This is the pilot post in a series of articles, dedicated to Game Economy & Monetization. It will be especially valuable for you if you happen to be working on F2P products.
We will explore psychological biases, utilized by game design patterns to direct player behavior towards retaining the players, enticing them to contribute content, and, of course, buy more products. For a start, let’s dive into the territory of Loss Aversion. What is it?
Definition of Loss Aversion According to Wikipedia:
Loss aversion is the tendency to prefer avoiding losses to acquiring equivalent gains. The principle is prominent in the domain of economics. What distinguishes loss aversion from risk aversion is that the utility of a monetary payoff depends on what was previously experienced or was expected to happen. Some studies have suggested that losses are twice as powerful, psychologically, as gains. Loss aversion was first identified by Amos Tversky and Daniel Kahneman.
Thus, the principle of Loss Aversion implies that a person losing $100, will lose more satisfaction, than the satisfaction he will gain from unexpectedly gaining $100.
How does this apply to marketing? Trial periods, demo versions, F2P, etc. Any approach that allows you to interact with a product and gets you “hooked” for a period of time and then stops your progression.
Prospect Theory & Loss Aversion
(From Wikipedia) Based on results from controlled studies, it describes how individuals assess their loss and gain perspectives in an asymmetric manner. For example, for some individuals, the pain from losing $1,000 could only be compensated by the pleasure of earning $2,000. Thus, contrary to the expected utility theory (which models the decision that perfectly rational agents would make), prospect theory aims to describe the actual behavior of people.
As you can see the central assumption of the Prospect Theory is that “losses loom larger than corresponding gains”, which is basically the same principle as in Loss Aversion.
- Imagine you play a F2P RPG game. You level-up a hero through completing dungeons. The process involves gathering powerful items and getting to know the game world as well. Then suddenly you either hit a difficulty wall, which requires you to purchase powerful equipment to progress further or it requires you to pay in order to unlock the next levels. If you don’t comply with this “extortion” you are to lose your progress and the time you spent into the game;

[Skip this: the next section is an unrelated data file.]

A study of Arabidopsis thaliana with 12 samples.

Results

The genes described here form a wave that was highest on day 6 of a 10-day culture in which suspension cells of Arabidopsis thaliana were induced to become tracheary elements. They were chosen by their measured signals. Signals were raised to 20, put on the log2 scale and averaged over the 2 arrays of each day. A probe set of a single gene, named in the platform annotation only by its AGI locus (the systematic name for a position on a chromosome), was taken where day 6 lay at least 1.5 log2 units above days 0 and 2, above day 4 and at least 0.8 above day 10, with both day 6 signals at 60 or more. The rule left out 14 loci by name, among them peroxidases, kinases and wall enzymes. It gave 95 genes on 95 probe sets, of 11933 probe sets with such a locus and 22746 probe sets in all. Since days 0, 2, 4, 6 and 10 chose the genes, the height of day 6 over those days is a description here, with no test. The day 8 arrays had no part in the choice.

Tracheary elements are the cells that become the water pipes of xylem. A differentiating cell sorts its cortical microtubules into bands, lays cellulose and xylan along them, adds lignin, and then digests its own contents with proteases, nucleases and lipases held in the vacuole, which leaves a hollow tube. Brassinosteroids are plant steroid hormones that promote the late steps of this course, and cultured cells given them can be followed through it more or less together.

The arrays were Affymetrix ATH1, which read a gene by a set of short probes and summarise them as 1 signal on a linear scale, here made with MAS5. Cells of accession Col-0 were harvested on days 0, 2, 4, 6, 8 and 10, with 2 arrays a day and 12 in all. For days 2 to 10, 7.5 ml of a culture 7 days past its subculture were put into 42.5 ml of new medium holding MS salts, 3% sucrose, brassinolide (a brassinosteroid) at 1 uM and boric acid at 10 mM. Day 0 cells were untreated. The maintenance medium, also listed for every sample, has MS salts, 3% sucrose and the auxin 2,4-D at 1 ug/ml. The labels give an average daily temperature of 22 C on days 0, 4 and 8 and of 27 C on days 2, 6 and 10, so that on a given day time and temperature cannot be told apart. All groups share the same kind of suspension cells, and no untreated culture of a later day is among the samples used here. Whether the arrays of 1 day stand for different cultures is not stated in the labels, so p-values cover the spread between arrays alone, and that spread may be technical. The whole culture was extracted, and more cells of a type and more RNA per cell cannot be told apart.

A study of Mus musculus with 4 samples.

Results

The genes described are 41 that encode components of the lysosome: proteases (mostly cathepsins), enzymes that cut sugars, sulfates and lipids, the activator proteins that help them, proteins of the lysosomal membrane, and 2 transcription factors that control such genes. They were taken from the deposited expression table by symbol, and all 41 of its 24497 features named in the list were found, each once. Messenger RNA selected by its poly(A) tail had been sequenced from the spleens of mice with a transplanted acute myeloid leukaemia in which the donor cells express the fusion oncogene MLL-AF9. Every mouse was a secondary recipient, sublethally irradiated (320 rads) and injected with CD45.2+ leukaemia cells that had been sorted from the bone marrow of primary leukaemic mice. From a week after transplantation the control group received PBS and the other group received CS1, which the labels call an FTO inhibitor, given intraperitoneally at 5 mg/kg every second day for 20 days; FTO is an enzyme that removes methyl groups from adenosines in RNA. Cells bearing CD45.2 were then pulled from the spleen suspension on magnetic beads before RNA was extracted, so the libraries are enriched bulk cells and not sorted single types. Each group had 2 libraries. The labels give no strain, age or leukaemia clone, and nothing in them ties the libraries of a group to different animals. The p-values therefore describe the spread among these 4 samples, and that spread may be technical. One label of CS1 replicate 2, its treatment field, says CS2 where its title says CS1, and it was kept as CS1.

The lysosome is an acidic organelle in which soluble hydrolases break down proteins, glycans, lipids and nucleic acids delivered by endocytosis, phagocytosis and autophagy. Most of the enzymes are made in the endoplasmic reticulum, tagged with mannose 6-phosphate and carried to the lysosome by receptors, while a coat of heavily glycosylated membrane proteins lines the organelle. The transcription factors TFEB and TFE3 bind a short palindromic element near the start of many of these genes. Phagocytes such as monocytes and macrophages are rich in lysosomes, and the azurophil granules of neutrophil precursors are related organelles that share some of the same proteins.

- Another popular mechanic in decaying of game items (like crops in Farmville) unless you log in frequently;
- Or a tycoon game similar to Clash of Clans where you can pay a fee to protect your “base” from attacks, while you are away, thus preserving the gathered resources.
This also shows us the connection between Loss Aversion and the “Sunk cost fallacy”. It implies that people are far more willing to invest more effort in an activity that they have already invested in before;
The Sunk Cost Fallacy doesn’t apply only to money invested into the game. As with the RPG example, it also includes time and effort. Thus it’s usually justified to design your game in a way to cover both grinders (players who are not willing to spend money but are willing to invest time in gaining in-game content) and spenders (players who are willing to spend money in order to get quickly to a certain point in the game or a specific item)
Asymmetry & Organic Design
I’m a firm believer that a game experience should feel organic. What I mean by that is that it should not be based on predictable patterns. Either from a timeline or a functional perspective. Whenever a game feels “orchestrated” and synthetic it will face difficulties in creating that desired “immersion” experience. Why is that? I won’t get into much detail about this here, but let’s say that asymmetry is a very profound principle in nature, check this article and this as well. Thus, asymmetry, as such, is a principle, which can easily “sell” an experience as organic to your auditory. On the contrary – artificial creations are usually symmetrical.
I believe that this principle is one of the major reasons for the existence and the power of all those biases and fallacies. At the end of the day, you can see those principles applied by marketing almost everywhere – store design, landing pages, sales, time-limited promotions, the list goes on…
Loss Aversion In a Nutshell
The more effort the user puts and/or money she invests, the more likely he is to keep playing because of the feeling of losing all the already incurred costs and acquired endowments.
Game developers have been blamed for designing their games to be money-making systems. They do so by harnessing psychological biases and in the process shifting the player’s motivations from intrinsic ones to extrinsic ones. Additionally, it seems that these business successes in using persuasive game mechanics have sparked the gamification hype. Gamification appears to be a quickly widening market niche that has lured many companies into implementing such principles in their products/services.